With increasing interests from high-net-worth and institutional clients in cryptocurrencies, Fusang Investment Office, an asset manager focusing on Asian private family offices, is preparing to launch in Hong Kong a crypto-custody service Fusang Vault.
Expected to come on stream in the fourth quarter, chief executive officer Henry Chong said as with a custodian bank in conventional finance, an independent third party was needed in the digital token business which can hold assets on behalf of the clients, and audit these digital assets periodically.
“Digital assets are akin to bearer bonds, whereby whoever that is holding the security is presumed to be the owner and there is no registration of ownership information of the security. Hence, the way we keep digital asset secured is of paramount importance,” said Chong.
Coinbase, a leading US crypto-exchange that has recently expanded into crypto-custody services, said their services helped safeguard and controlled digital assets through providing support for multiple signers required for fund transfers, setting withdrawal limits, providing audit trails.
Chong did not provide details of Fusang Vault’s services, but said the firm was working with insurers to provide cybersecurity insurance coverage for clients’ digital assets.
As cryptocurrency trading increasingly draws interests from financial institutions, more transactions are today conducted over-the-counter and away from the exchanges. This has in turn fuelled the need for alternative asset safekeeping options, as hedge funds and asset managers are increasingly looking at trading cryptocurrencies.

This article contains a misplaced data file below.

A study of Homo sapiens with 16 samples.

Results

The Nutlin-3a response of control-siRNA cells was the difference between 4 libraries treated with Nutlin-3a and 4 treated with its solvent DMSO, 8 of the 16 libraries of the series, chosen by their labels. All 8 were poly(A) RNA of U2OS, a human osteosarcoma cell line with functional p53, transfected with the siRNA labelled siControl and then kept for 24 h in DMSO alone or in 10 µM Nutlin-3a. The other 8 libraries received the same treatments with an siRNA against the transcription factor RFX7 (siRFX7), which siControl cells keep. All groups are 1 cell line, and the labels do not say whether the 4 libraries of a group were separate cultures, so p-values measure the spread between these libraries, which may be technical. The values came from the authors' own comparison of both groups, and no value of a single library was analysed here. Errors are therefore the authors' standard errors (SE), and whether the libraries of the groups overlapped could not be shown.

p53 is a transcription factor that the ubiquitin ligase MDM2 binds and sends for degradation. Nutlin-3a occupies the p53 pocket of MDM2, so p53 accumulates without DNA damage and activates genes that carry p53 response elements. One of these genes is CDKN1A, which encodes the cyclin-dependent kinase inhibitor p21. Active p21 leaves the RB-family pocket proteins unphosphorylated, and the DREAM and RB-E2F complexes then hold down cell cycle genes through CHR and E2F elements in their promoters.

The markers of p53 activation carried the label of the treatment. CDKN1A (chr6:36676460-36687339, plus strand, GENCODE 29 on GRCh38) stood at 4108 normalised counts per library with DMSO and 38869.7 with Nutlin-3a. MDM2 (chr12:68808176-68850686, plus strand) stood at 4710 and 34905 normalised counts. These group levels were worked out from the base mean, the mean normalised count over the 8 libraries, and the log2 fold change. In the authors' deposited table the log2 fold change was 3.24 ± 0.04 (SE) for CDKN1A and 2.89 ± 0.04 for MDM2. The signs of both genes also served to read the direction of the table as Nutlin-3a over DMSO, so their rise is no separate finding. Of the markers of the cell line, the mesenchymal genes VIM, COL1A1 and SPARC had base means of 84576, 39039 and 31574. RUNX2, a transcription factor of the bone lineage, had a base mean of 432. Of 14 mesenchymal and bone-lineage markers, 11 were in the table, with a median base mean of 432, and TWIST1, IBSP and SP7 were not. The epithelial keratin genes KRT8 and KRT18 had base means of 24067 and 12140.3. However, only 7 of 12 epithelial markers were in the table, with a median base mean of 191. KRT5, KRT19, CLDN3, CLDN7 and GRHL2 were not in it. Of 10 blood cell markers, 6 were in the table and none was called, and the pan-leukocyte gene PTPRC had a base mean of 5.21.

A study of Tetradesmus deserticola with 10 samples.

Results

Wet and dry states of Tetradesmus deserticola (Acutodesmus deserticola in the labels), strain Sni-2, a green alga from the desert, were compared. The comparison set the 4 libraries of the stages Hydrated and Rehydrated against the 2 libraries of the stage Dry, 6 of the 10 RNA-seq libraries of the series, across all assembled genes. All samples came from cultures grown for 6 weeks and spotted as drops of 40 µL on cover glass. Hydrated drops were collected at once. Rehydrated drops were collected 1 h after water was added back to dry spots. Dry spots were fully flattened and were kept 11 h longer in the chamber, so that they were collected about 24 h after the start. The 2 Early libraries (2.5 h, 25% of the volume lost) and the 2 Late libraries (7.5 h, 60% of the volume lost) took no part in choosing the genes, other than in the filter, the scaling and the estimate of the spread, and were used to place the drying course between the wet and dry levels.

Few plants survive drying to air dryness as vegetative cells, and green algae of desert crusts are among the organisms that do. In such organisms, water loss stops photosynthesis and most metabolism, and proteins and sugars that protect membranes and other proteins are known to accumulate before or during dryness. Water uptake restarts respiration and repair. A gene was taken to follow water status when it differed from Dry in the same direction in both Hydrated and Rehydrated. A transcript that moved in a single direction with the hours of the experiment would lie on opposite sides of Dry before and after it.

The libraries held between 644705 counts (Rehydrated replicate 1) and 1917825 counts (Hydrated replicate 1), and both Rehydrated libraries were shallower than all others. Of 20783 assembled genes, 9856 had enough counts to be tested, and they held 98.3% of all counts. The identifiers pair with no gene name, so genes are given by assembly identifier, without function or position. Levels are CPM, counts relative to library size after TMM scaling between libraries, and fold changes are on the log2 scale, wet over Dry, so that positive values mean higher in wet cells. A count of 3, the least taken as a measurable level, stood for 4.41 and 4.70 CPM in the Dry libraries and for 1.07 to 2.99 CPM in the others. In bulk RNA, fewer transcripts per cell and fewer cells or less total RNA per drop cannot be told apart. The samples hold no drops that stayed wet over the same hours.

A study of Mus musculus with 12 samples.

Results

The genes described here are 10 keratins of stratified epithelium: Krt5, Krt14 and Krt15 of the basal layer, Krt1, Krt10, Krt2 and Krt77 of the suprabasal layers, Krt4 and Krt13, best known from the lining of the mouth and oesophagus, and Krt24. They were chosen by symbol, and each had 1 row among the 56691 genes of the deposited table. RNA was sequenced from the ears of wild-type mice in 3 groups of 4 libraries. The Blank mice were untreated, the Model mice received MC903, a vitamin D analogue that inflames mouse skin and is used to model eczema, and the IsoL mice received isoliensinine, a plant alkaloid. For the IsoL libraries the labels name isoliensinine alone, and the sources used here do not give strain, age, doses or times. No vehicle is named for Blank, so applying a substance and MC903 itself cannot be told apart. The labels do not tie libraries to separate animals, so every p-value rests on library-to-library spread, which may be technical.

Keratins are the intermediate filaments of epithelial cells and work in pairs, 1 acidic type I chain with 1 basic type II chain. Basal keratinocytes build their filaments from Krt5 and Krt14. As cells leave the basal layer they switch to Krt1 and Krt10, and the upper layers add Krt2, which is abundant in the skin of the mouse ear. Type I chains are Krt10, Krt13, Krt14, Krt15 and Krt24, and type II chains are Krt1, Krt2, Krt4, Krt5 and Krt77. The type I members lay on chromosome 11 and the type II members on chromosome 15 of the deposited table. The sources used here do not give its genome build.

Jolyon Ellwood-Russell, a partner at Simmons & Simmons, said as the custody of crypto assets was not regulated, users would have to rely solely on the terms and conditions in the service contract in the event of losses.
However, he said there were still a lot of legal issues not reflected in the documentation.
“For example, in what capacity are the custodians holding the assets? Are they holding them as a bailment, that is, a trust, so the assets are outside the estate of the custodian on an insolvency.
“Just having segregated accounts does not automatically mean that on an insolvency the investors assets will be protected or recoverable from a receiver or liquidator,” he said.